7 things the demonetisation will do immediately
With the Narendra Modi government doing a Houdini by demonetising Rs 500 and Rs 1000 on Wednesday, we take a look at what all will be hit immediately and what will gain.
- India sees an average hawala trade of Rs 15,000 crore per day. This money is usually paid the next day. Why did yesterday’s announcement come at the time it did? That 15,000 crore is frozen in time now. Sounds like a plot for a potboiler.
- The cash and carry sector of the economy is more than double the hawala market. The local vegetable vendor, the grocer, the milkman, the paanwala all of these see trade worth Rs 35,000 crore per day. Most of these people will have heaps of 500s and 1000s earned the hard way.
- The cash-rich informal economy, which had ignored the Jan Dhan Yojana all this while, has no way but to foot it to the bank and get an account to prevent its hard-earned money turn into winter warmth. Be prepared for a new ad blitz saying Jan Dhan Yojana has gone platinum.
- The majority of traders who have always supported the BJP have nowhere to go after the party pulled the blanket from under their collective tijori. Politically, the BJP may hope to get more members with anti-black money act but it will lose core supporters who are looking left, right, centre, under and above for a way out to rescue their black money.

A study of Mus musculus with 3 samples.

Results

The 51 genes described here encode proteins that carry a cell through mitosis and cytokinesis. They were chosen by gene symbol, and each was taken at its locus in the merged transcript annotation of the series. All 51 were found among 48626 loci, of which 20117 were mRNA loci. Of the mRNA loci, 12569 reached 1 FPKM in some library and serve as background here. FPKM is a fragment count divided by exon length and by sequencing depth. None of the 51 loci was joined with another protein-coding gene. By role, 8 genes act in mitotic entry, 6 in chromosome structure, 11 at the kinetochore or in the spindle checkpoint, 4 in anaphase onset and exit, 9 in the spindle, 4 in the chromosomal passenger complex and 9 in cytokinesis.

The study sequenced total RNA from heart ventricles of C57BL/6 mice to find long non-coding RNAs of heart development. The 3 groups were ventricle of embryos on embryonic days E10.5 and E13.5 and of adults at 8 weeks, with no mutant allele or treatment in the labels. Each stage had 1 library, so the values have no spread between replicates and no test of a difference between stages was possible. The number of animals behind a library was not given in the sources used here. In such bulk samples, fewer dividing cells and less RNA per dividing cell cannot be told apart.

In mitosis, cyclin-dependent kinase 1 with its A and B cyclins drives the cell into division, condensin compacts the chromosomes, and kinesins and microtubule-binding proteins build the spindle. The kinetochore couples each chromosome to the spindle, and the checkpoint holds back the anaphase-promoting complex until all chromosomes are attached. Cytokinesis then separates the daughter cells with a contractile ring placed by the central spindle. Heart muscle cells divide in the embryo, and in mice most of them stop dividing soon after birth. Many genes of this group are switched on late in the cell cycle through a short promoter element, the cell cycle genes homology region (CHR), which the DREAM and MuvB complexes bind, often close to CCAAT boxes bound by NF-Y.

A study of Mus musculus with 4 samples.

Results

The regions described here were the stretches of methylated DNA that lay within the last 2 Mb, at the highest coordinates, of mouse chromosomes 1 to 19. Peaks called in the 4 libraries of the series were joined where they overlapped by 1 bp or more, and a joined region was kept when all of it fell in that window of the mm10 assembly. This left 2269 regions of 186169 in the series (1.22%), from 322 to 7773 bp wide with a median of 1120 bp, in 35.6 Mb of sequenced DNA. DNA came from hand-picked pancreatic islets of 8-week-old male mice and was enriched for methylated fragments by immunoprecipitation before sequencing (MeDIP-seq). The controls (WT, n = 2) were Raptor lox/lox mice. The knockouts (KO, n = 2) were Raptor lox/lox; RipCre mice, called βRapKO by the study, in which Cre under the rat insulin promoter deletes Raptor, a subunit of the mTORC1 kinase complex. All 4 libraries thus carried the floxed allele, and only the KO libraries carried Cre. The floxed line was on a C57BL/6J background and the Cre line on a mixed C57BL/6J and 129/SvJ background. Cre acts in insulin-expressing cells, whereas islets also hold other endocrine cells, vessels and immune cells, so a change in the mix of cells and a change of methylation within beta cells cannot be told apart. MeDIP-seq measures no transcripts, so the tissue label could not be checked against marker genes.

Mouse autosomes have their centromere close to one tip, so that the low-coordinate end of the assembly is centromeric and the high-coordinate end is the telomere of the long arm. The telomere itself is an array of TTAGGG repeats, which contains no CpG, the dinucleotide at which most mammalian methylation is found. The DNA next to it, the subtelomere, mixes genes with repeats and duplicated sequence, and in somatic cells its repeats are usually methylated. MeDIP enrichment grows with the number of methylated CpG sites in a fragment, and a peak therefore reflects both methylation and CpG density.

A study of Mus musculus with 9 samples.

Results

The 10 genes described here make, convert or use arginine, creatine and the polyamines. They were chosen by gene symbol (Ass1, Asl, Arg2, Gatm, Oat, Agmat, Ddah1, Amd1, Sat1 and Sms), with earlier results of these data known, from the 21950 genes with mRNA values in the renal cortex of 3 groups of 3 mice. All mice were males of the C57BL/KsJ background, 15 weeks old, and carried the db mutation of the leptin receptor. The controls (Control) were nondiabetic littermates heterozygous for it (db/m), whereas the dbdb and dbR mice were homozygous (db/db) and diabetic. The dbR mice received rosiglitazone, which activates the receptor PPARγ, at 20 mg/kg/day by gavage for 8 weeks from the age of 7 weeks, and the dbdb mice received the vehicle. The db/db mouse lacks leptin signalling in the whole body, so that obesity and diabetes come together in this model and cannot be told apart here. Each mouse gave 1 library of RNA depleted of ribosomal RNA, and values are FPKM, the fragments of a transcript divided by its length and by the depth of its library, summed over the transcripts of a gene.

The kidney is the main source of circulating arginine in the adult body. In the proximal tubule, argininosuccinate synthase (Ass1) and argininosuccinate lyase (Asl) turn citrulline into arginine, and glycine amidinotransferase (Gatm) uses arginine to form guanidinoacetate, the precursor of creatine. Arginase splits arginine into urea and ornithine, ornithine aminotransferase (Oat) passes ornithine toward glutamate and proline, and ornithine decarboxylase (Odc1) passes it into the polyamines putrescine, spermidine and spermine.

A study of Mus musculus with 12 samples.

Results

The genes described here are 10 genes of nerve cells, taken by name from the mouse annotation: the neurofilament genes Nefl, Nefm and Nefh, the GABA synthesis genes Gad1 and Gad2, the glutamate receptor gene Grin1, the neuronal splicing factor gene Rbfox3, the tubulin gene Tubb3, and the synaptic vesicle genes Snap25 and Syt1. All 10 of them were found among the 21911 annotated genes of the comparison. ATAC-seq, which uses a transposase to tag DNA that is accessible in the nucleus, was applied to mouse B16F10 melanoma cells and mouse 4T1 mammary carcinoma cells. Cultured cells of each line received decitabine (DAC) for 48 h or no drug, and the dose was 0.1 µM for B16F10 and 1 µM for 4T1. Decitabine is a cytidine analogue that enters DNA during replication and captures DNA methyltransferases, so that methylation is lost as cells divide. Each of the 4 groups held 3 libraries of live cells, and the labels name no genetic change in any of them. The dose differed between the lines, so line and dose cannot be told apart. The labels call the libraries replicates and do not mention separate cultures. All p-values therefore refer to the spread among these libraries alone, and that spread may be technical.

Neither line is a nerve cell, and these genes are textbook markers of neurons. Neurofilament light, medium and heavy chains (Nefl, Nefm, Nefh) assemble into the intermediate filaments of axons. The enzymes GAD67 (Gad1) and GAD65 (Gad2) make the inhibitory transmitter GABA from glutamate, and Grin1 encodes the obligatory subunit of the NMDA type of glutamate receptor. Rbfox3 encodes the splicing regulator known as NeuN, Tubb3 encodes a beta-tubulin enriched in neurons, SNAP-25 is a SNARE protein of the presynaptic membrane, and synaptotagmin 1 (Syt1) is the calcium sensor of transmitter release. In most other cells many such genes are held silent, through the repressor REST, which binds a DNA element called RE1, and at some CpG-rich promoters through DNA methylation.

- If one evaluates this as a political ploy, it will hit the Patels the hardest. The community which rallied behind Hardik Patel for reservation mostly converts black money into white and takes a cut. But with this one move, the Patels’ area of expertise has been laid waste albeit for a short while. The other communities that will be hit are the Marwaris and Sindhis.
- With the Election Commission keeping an eagle eye on poll expenditure, political parties need black money to get by. Congress leader P. Chidambaram’s pointed jibe at the BJP today at a press conference was that the Congress didn’t have enough money in the last elections drawing attention to the BJP’s powerful and therefore expensive campaign funded by industrialists and Sangh acolytes in the West. But the November 8 move will hit one politician badly: Akhilesh Yadav. The Uttar Pradesh CM is out on the Vikas Rath Yatra, which needs to be managed with high value notes. It is going to be very difficult for him and his managers to get the crowd at his rallies with the cash restrictions.
- Most poll campaigns cost Rs 20,000 crore to Rs 25,000 crore. By eliminating Rs 500 and Rs 1000 notes, the Bahujan Samaj Party has been dealt a bad blow. It is usually alleged by BSP leaders who leave the party that their party chief sells tickets to the highest bidder. All that cash, if it has exchanged hands for party tickets, is now illegal tender and no use for the party which was expected to do well in the 2017 UP Assembly elections that are due early next year.
Postscript: Veteran journalist and commentator Kingshuk Nag posted on Facebook that the Rs 500 notes had been long compromised. Modi has timed the decision to withdraw the notes by making a virtue of the necessity in the war on black money, Nag posted.